Netflix's Stock Drops More Than 10 Percent After Disappointing Subscriber Guidance
Several analysts reduce their forecasts and price targets on the stock, but one says it is "now relatively safer to own."
Netflix's stock dropped in early Wednesday trading as Wall Street analysts pored over the implications of weaker third-quarter U.S. subscriber momentum and reduced guidance by the online streaming firm.
As of 9:35am ET, the stock was down 11.6 percent at $60.30 after falling below the $60 mark in the first few minutes of trading. Over the past year, the stock has traded as low as $52.81 and as high as $133.43.
Netflix, led by CEO Reed Hastings, on Tuesday night posted modestly better than expected financials. But investors focused on weaker sub trends and the decreased full-year sub growth guidance of 4.7 million-5.3 million, compared with as high as 7 million previously.
Credit Suisse analyst Stephen Ju on Wednesday cut his price target on Netflix's stock from $100 to $80, but maintained his "outperform" rating and entitled his report: "Bad News Out of the Way, and Still Investing for the Future."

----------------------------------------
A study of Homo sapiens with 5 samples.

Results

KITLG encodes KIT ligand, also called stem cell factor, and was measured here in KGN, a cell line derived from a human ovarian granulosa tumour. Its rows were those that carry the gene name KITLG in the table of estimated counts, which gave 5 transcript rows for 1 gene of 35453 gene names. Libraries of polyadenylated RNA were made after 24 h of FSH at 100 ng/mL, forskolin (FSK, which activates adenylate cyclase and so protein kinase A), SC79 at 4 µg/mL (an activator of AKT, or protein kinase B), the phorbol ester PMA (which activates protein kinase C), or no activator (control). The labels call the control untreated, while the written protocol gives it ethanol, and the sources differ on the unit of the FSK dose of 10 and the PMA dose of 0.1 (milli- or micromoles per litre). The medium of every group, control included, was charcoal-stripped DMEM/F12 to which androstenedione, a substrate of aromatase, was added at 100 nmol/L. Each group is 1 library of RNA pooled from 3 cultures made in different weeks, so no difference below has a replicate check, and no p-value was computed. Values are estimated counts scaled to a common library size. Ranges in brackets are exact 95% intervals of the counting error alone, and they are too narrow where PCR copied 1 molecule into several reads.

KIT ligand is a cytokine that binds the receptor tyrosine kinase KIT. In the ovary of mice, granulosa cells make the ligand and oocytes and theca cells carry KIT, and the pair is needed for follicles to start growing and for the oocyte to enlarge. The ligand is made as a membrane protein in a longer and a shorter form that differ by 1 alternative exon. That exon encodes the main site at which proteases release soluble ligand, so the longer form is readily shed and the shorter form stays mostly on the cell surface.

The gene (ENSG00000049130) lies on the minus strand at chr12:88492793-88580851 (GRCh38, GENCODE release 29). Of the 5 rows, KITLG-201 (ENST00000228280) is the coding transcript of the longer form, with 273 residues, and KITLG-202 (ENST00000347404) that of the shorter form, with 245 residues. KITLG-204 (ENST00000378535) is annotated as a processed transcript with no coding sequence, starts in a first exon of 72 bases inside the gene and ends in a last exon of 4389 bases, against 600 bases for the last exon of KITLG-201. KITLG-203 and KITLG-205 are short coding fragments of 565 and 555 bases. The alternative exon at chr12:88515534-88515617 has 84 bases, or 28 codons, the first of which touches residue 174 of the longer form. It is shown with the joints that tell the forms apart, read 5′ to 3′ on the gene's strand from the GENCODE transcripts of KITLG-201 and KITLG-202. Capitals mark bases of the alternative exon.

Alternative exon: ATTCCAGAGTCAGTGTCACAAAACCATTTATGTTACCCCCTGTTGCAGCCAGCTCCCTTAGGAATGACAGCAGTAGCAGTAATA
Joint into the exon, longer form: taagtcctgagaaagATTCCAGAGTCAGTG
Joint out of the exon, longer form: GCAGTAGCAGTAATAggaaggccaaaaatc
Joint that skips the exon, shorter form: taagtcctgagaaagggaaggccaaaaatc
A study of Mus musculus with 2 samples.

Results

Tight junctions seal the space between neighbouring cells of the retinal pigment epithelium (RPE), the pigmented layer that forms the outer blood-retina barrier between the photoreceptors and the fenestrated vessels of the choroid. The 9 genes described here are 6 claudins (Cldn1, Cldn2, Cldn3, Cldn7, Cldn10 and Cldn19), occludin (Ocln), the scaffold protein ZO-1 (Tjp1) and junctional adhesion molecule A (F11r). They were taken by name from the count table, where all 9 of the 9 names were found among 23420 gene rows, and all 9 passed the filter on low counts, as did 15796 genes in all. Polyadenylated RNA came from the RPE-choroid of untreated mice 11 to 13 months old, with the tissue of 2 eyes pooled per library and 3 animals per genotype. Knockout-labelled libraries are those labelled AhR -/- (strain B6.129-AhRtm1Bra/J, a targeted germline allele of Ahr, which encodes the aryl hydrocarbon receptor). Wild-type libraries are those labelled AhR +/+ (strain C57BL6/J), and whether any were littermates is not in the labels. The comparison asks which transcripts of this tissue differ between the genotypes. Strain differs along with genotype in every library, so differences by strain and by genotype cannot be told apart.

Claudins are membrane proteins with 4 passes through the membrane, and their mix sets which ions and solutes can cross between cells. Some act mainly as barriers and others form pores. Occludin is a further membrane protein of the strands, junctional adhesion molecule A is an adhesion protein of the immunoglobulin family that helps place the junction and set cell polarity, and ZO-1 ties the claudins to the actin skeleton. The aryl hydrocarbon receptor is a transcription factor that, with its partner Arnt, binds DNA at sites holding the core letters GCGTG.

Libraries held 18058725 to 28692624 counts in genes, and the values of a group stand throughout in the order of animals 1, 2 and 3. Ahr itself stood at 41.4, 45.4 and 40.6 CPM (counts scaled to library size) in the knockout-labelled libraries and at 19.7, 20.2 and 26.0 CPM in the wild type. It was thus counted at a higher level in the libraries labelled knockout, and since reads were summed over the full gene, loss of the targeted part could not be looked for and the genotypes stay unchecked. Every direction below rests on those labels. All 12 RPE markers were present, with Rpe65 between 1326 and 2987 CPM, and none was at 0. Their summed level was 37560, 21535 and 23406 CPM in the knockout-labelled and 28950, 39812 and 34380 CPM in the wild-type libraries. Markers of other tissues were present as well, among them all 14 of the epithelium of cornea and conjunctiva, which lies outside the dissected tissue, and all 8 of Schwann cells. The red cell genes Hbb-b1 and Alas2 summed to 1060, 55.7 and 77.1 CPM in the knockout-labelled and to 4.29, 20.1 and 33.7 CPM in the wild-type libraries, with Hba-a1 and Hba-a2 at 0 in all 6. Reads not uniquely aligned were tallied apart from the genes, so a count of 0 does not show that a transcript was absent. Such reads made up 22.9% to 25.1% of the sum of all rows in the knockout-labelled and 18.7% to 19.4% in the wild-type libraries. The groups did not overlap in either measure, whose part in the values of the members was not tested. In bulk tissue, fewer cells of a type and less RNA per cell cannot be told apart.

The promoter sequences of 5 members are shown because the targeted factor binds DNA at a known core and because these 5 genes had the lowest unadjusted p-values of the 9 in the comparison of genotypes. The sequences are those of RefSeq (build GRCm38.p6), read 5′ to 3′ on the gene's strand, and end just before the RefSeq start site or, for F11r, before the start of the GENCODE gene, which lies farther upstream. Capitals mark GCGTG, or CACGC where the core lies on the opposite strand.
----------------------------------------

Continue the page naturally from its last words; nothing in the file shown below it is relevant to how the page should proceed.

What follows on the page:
"While we do not believe investors were realistically expecting 7 million subscribers to be added this year in the U.S., the new range for the year and for the fourth quarter are nevertheless below expectations,” he wrote. "That said, the overhang surrounding the need to lower guidance dissipates, and Netflix shares are now relatively safer to own."
Janney Montgomery Scott analyst Tony Wible in his report spoke of "the multi- billion dollar bet," namely whether Netflix is seeing a "seasonal or secular slowdown." He cut his earnings estimates and fair value estimate for the stock to $48 from $53.
Maintaining his "neutral" rating, Wible said: "Netflix faces risks tied to competition, a slowdown in sub growth, global expansion that will offset profitability for years and cannibalization of the high-margin DVD business. This is tempered by studio dependency, lack of competition, slower declines in DVD...potential M&A and cost rationalization."
Edward Williams, analyst at BMO Capital, maintained his "market perform" rating on Netflix. "We continue to believe profitability over the next few years will be hampered as the company further expands into new international markets," he wrote.
Lazard Capital Markets analyst Barton Crockett expressed longer-term cash concerns in maintaining his "neutral" rating on Netflix's stock. "The step up in originals next year will cause cash burn as cash is spent upfront, and shows amortized over years," he wrote. "We see this driving cash from near $800 million now to nearly $450 million next year. Netflix says it does not need to raise cash. But its recent slip-up in guidance and willingness to spend creates risk that this view changes."